I should preface this diatribe by noting that there really is such a thing as a good consultant.
I even know a few.
The consultant I’m going to tell you about belonged the other, larger group. He had just convinced our client to hold a seminar. Except it would actually be a sales pitch masquerading as a seminar. They hoped CEOs of sizable companies would be dumb enough to attend and buy.
I told my client it was a bad idea. When I tried to explain why, the consultant interrupted. “Don’t tell me what you can’t do,” he bellowed, “Tell me what you can do. How good is the RESPONSE Agency, anyway?” My client nodded with enthusiasm. He liked rah-rah stuff. By comparison, substance and evidence are so ... so ... boring.
There was no wresting the floor from my client, so I changed the forum by returning a few days later with a projector. One slide at a time, I revealed the weaknesses of the seminar idea:
• It’s hard to get CEOs to seminars unless you feature superstars, more golf than talk, and an exotic location. But suppose you succeeded in getting them to attend. Once they realized they’d been had, they would leave, vow never to purchase from you, and urge their peers to follow suit.
• They wanted to hold the “seminar” in mid July. It was June. We hadn’t starting writing, much less printing and addressing. Typical seminar attendees need about twelve weeks of advance notice to clear their schedules. CEOs are busier than the average attendee.
• July is the poorest month of the year for seminar and conference attendance. Something about summer vacations and a national holiday. (July 4 is usually held in July.)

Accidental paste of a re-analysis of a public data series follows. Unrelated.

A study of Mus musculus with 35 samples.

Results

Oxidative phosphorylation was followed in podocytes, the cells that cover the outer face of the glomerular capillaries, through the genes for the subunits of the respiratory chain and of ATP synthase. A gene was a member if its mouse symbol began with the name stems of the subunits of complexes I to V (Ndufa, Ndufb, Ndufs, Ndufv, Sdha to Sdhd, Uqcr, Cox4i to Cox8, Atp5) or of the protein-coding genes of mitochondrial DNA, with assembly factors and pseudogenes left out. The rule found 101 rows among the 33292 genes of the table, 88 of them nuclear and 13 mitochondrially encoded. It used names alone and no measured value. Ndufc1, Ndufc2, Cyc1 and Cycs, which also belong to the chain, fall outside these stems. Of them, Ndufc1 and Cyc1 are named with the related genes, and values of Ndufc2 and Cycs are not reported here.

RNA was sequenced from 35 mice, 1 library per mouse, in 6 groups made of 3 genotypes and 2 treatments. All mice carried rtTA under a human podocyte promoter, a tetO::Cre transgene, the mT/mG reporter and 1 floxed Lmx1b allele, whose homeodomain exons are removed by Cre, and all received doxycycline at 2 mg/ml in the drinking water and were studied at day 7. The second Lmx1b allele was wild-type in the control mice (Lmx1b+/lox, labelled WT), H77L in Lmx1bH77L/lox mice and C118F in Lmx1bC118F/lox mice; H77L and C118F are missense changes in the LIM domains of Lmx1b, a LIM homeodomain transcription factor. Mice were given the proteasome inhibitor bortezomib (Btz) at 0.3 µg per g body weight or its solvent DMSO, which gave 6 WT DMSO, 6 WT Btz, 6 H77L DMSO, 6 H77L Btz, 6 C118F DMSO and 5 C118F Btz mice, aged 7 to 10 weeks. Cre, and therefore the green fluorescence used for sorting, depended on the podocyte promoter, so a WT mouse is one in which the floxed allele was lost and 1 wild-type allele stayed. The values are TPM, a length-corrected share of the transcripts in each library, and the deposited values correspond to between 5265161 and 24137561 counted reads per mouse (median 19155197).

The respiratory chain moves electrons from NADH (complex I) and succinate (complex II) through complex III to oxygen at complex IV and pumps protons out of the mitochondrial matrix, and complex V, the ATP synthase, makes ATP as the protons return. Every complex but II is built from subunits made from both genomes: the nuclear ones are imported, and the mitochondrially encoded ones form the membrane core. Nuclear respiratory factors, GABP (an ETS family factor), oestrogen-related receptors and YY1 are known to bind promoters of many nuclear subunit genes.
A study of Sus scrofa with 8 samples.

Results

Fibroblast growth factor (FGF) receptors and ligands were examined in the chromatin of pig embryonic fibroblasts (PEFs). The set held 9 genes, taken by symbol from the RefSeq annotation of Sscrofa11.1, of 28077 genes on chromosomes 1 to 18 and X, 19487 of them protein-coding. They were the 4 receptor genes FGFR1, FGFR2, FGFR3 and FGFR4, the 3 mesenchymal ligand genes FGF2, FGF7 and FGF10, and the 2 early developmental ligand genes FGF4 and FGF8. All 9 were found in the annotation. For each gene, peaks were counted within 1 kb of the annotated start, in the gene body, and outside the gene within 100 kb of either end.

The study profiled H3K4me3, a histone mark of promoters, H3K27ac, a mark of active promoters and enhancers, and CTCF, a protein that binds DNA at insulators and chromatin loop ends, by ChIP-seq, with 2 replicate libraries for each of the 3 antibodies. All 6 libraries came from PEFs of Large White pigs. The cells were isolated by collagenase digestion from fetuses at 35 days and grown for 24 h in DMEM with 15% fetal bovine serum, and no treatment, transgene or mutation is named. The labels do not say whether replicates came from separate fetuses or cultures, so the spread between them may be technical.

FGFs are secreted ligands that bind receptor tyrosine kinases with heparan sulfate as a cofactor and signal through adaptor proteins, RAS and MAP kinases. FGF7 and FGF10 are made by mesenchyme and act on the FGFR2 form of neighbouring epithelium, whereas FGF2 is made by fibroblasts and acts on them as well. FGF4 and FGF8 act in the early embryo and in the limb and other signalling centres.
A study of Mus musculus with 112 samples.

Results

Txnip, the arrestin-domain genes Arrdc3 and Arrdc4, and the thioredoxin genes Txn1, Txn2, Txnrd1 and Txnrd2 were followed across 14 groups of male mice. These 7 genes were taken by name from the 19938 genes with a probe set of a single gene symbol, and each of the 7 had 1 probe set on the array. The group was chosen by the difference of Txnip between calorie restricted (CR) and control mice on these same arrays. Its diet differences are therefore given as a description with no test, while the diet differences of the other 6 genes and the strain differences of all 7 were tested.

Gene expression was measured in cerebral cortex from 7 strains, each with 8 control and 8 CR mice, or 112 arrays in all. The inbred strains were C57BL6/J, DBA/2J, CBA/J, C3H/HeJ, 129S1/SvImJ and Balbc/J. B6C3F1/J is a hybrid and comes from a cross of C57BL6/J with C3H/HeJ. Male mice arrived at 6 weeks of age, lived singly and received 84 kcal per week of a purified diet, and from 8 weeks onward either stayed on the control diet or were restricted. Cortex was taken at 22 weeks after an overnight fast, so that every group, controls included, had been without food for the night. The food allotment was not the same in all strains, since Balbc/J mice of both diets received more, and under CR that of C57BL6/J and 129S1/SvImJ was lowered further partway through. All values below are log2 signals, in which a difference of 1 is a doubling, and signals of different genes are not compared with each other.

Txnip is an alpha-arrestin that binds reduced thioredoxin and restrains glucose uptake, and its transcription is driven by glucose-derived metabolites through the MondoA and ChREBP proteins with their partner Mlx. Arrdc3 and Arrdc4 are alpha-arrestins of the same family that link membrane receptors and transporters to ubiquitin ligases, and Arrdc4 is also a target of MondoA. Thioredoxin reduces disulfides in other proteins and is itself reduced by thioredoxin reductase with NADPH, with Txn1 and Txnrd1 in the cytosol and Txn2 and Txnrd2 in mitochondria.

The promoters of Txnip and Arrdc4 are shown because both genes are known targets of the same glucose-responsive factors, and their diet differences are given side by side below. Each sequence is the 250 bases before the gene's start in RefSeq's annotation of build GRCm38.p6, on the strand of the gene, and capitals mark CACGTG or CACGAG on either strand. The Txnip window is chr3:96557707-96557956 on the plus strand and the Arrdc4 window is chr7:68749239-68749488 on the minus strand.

Three slides into my presentation, the consultant rocketed to his feet and began arguing. I told him to sit down and save his comments until I was finished. Surprisingly, he did.
The presentation took about four minutes. I turned off the projector. After a moment, the client announced that the seminar idea was dead. The consultant said, “I wish I’d had you guys around to help with my last company.” I knew something about that company. He was its CEO. It went belly-up under his leadership. Which launched his consulting career.
The client asked me how I “knew so much.” I shamelessly replied that:
1. Whenever possible, at the RESPONSE Agency we measure empirical results, which gives us a good handle on what does and doesn’t work.
2. I ask other direct marketers what has worked for them and, equally important, how they know. If they attribute their “knowledge” to a gut feeling, I take it with a grain of salt.
3. I read a lot, but judiciously. I prefer books and articles by people who earn their bread by the kind of selling that forces them to measure real results. Theorists who write about what they figger oughtta work are a dime a dozen, and overpriced at that.
I’m all for experimentation. But you’re always better off with a little knowledge.